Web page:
Rebecca Kushner-Metteer had no idea what she was getting into.
On Aug. 31, she and a group of her south Kalispell neighbors distributed flyers on their street calling attention to the Gaedes, a family that had moved into the new subdivision. April Gaede and her twin 14-year-old daughters, Lamb and Lynx, had been the subject of a recently aired feature on ABC’s newsmagazine “Primetime.” April is a member of National Vanguard, a group that advocates against race mixing and for white separatism. Her daughters’ band, Prussian Blue, sings songs glorifying Nazis and National Vanguard politics.
The flyers Kushner-Metteer and her neighbors passed out read “NO HATE HERE” on the front, with a letter on the back explaining the Gaedes’ politics. Local media covered the event, and since then, Kushner-Metteer and other families say they have gotten a frightening response.
Postings by members of Stormfront.org and Libertyforum.com, community sites for those who share beliefs similar to National Vanguard’s, included addresses and phone numbers for Kushner-Metteer and others involved in passing out the flyers. The sites also posted a photograph of a mother and her daughter, published by the Daily Inter Lake, as they distributed the flyers.
The information posted for Kushner-Metteer, though, is wrong. It turns out to be that of an elderly couple living in Kalispell whose last name happens to be Metteer. That couple, according Kalispell Police Chief Frank Garner, has received threatening letters and phone calls meant for Kushner-Metteer.
Kushner-Metteer says police shared one letter with her that reads, “Red-blooded, white, American men are going to come to your door and make you regret what you’ve done.”
“We’re very concerned about our safety,” says Kushner-Metteer.
Garner confirmed that some of the people involved with distributing the flyers have received threats, although he wouldn’t confirm specific language of letters or phone calls. He says that none have risen to the level of death threats, but that the Kalispell Police are working to trace the threats and prosecute anyone found to have made them under Privacy in Communications laws.
Garner says all the written threats, so far, have come from outside the Flathead Valley.
After a Sept. 7 story about the Gaedes’ Kalispell reception, April Gaede has declined further interviews with the Independent, but said in a Sept. 5 interview that she moved to Kalispell from Bakersfield, Calif., in part for the anonymity.
Letters to the editor published in the Daily Inter Lake have questioned whether it was right to out the Gaedes, noting that they hadn’t done anything other than move to Kalispell.
“It’s absolutely the right thing to do,” says Ken Toole, co-founder and co-director of the Montana Human Rights Network.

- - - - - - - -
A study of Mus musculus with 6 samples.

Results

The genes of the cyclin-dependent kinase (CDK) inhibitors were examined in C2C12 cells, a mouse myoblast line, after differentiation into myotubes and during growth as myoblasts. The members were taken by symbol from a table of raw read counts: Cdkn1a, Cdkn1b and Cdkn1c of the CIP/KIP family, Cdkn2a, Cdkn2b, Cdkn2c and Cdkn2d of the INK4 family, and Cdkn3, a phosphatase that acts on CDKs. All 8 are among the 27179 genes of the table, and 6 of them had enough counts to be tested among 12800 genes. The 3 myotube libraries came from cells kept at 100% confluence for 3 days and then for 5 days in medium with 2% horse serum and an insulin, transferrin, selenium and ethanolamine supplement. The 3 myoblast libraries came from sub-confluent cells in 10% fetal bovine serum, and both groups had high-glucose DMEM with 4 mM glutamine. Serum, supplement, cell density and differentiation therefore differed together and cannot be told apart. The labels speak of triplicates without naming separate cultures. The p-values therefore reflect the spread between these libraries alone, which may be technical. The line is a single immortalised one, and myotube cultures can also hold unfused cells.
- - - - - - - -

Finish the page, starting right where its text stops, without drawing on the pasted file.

“The tendency is to say, ‘Oh, it’s just a couple of kooks,’ and not do anything,” Toole says.
He says it is important to preempt Groups like National Vanguard because they “depend on being able to make their own pitch,” in which they characterize their beliefs as white pride, rather than white supremacy.
National Vanguard’s website describes the group as “An intelligent and responsible organization that stands up for the interests of White people.”
And while it states that “In asserting the primacy of race, National Vanguard does not play the game of ‘superior’ and ‘inferior,” their goal, the site says, is to form an all-white nation from the apocalyptic chaos the group predicts in the future.
Creation of mixed-race societies, according to National Vanguard, is the desire of Jews, who believe that mixed-race societies are easier to dominate.
National Vanguard bills itself as a “white nationalist” group.
Toole isn’t buying that term.
“White nationalist has a positive connotation. It keeps people wondering.” What the phrase cloaks, Toole says, is white supremacy.
It’s easier for groups like National Vanguard to recruit, he says, by calling themselves white nationalists and distributing literature on white “pride,” and saving the harder stuff for later.
Prussian Blue, according to Toole, is part of a larger effort to repackage white supremacy. “[The band is a] trademark for what April and the national movement are trying to do.”
“By using two young girls, it certainly softens the message,” he says. “It’s a very different image than skinheads doing ‘zeig heils’ in the mosh pit.”
Toole recalls the early 1990s in Billings, when white supremacist groups began doing literature drops there, and became involved in confrontations on the ethnically diverse south side of the city. He says there was only a small community response at first, but when a brick was thrown through the window of a Jewish doctor in 1993, Billings’ citizens came together and demonstrated against racism. These events were documented in the PBS film Not In Our Town, which gave rise to the Not In Our Town project, which helps communities formulate their responses to various “hate groups.”
Toole notes that one of the things activists have learned in Billings is not to wait until something bad happens to get the community involved. He says MHRN and community members are planning a Kalispell rally, but no date or place has been set at press time.
As for the safety of neighbors who have already spoken out, Toole suspects “These folks are safest in public.”
Other white supremacists have also made headlines in Montana in the last year, including Shawn Stuart, who filed as a Montana House candidate in Butte, and Kevin McGuire, who ran for a school board position in Bozeman; both are members of the National Socialist Movement, another white supremacy organization.
“The $64,000 question,” Toole says, is whether the Gaedes’ move to Montana, coupled with Stuart’s and McGuire’s activities, indicate a wider white supremacy movement in the state. On that point, Kalispell Police Chief Garner declined to speculate.